Kilometers of barbed wire exclusion fences, thousands of high-tech patrols at sea, in the air and on land, push-back agreements with neighboring countries: the European Union goes to great lengths to exclude people fleeing from war, persecution and hardship in their home countries. To justify their actions leaders in Brussels and the EU member states claim the push-backs are politically necessary and permitted under law.
Every other week another boat carrying migrants and refugees capsizes or sinks off the coast of Italy or Malta. Witnesses frequently report instances of abuse at the borders between Turkey and Greece. There is a steady climb in the number of people who lose their lives while trying to cross the Moroccan-Spanish border. All of these events serve as evidence of the terrible failure of the EU's asylum and refugee policies.
Illegal push-backs or forced returns at EU borders represent a flagrant violation of fundamental human rights and refugee laws. In the Spanish enclaves of Ceuta and Melilla on the northern coast of Africa, refugees and migrants are repeatedly subjected to brutal violence from border guards. Anyone attempting to enter these Spanish cities – and thereby reach EU territory – is immediately deported to Morocco without any examination of their right to asylum.
Since 2014, ECCHR has been examining the scope for legal intervention against the practice of push-backs in the EU and has been helping affected persons with individual legal proceedings.
Croatia is obliged to account for its push-back practice to Bosnia and Herzegovina (BiH) before the European Court of Human Rights. The court accepted the individual complaints brought by three Syrian refugees. The applicants were denied any individual assessment as they were summarily and collectively expelled in October 2018 at the border between Croatia and BiH.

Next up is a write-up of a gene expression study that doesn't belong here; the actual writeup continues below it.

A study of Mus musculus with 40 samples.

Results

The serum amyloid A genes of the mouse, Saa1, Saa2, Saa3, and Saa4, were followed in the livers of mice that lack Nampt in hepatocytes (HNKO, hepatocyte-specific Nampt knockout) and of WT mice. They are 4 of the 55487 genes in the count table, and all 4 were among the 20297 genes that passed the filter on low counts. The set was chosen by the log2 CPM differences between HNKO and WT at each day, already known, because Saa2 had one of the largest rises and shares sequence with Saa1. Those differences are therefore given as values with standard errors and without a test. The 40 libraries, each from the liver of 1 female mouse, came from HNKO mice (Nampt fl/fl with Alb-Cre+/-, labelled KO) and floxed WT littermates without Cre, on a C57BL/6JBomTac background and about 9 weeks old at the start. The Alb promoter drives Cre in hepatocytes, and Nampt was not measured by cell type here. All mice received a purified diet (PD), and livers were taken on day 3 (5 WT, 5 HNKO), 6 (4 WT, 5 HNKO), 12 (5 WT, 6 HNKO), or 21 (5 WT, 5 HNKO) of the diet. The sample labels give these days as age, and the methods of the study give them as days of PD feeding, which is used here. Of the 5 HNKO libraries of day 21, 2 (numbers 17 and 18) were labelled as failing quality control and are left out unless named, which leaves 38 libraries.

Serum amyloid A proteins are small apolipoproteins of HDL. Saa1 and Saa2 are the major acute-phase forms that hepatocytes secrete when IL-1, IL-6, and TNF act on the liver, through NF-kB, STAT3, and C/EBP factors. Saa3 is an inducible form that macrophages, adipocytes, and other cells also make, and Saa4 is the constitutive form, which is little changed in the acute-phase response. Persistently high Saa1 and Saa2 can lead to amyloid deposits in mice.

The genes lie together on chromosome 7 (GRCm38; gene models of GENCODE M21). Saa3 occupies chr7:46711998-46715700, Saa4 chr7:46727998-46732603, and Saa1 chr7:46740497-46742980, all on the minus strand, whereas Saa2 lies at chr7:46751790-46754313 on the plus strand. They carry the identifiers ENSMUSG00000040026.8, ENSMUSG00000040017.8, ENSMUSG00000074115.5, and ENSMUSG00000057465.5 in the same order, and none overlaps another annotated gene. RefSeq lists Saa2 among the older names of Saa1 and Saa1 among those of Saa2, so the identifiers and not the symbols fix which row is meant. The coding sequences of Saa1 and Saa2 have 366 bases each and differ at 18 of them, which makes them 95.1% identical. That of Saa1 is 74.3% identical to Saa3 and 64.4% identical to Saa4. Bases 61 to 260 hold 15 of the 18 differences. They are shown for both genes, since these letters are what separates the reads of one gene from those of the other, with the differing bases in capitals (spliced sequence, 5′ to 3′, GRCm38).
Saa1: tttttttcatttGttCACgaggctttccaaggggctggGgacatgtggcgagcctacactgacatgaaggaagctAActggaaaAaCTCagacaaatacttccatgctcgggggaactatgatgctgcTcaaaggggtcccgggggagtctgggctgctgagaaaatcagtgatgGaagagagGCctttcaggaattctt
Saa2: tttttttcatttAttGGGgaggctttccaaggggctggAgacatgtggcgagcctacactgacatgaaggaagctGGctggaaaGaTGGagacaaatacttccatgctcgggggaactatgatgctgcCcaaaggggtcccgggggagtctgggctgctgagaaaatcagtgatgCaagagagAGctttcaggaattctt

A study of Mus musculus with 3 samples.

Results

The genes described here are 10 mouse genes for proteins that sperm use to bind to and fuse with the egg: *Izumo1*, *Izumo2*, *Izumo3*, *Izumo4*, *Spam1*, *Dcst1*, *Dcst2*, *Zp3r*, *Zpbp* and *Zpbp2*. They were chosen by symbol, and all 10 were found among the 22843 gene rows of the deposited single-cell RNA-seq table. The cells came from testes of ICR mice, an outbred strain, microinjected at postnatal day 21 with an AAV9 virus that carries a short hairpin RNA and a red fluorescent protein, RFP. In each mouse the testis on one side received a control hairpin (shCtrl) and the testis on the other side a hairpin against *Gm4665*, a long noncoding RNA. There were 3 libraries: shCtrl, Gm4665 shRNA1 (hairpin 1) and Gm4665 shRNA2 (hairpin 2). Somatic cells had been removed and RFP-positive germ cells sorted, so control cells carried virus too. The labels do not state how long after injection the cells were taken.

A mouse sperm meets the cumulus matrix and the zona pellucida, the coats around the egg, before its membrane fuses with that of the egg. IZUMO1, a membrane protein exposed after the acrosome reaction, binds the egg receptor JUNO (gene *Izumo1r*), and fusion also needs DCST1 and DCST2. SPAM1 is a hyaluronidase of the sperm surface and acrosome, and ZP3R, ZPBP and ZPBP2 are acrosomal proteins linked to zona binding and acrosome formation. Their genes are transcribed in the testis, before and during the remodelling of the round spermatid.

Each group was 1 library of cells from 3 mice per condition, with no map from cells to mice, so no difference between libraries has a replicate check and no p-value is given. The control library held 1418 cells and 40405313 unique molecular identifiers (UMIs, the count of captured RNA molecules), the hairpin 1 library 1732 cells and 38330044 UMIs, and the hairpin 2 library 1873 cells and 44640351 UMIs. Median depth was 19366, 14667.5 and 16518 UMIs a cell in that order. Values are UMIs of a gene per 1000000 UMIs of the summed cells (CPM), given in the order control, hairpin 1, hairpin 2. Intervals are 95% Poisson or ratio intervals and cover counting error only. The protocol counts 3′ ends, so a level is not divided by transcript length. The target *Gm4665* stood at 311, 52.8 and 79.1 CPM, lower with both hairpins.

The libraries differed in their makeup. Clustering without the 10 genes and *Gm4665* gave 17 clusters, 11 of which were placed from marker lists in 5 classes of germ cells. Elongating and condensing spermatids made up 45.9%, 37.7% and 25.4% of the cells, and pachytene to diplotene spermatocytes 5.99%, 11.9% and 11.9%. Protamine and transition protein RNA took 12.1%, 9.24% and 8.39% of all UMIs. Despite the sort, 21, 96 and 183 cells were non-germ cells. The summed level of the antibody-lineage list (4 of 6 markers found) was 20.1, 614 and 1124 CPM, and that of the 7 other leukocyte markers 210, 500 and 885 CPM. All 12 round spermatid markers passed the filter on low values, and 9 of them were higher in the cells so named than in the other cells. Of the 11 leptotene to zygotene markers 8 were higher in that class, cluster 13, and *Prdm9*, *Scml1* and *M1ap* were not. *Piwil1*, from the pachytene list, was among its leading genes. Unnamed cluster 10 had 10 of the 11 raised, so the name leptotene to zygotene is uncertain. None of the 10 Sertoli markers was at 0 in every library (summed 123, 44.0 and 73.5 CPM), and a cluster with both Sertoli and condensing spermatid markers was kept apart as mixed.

Spanish authorities apprehend and summarily deport unaccompanied minors to Morocco without a procedure to identify them and protect their rights. This policy was strongly condemned by the UN Committee on the Rights of the Child in February 2019 in a decision that clearly upholds the fundamental rights of unaccompanied minors at Europe's borders.
ND and NT crossed the border fence structure in Melilla and entered Spain in August 2014. The Spanish Guardia Civil apprehended them, along with approximately 70 other individuals from sub-Saharan Africa who also had climbed the fences. They were immediately “pushed back” to Morocco – without access to any legal procedures or protection.
At least 15 dead and many more injured: this is the outcome of a Guardia Civil operation on 6 February 2014 on the beach of El Tarajal, located at the border between Morocco and the Spanish enclave of Ceuta. The deadly push-back has still not been investigated properly. ECCHR is working with survivors who are willing to give witness evidence.
With support from ECCHR, several refugees filed individual complaints against Macedonia in 2016. They assert that Macedonia’s practice of unlawful expulsions is violating the European Convention on Human Rights.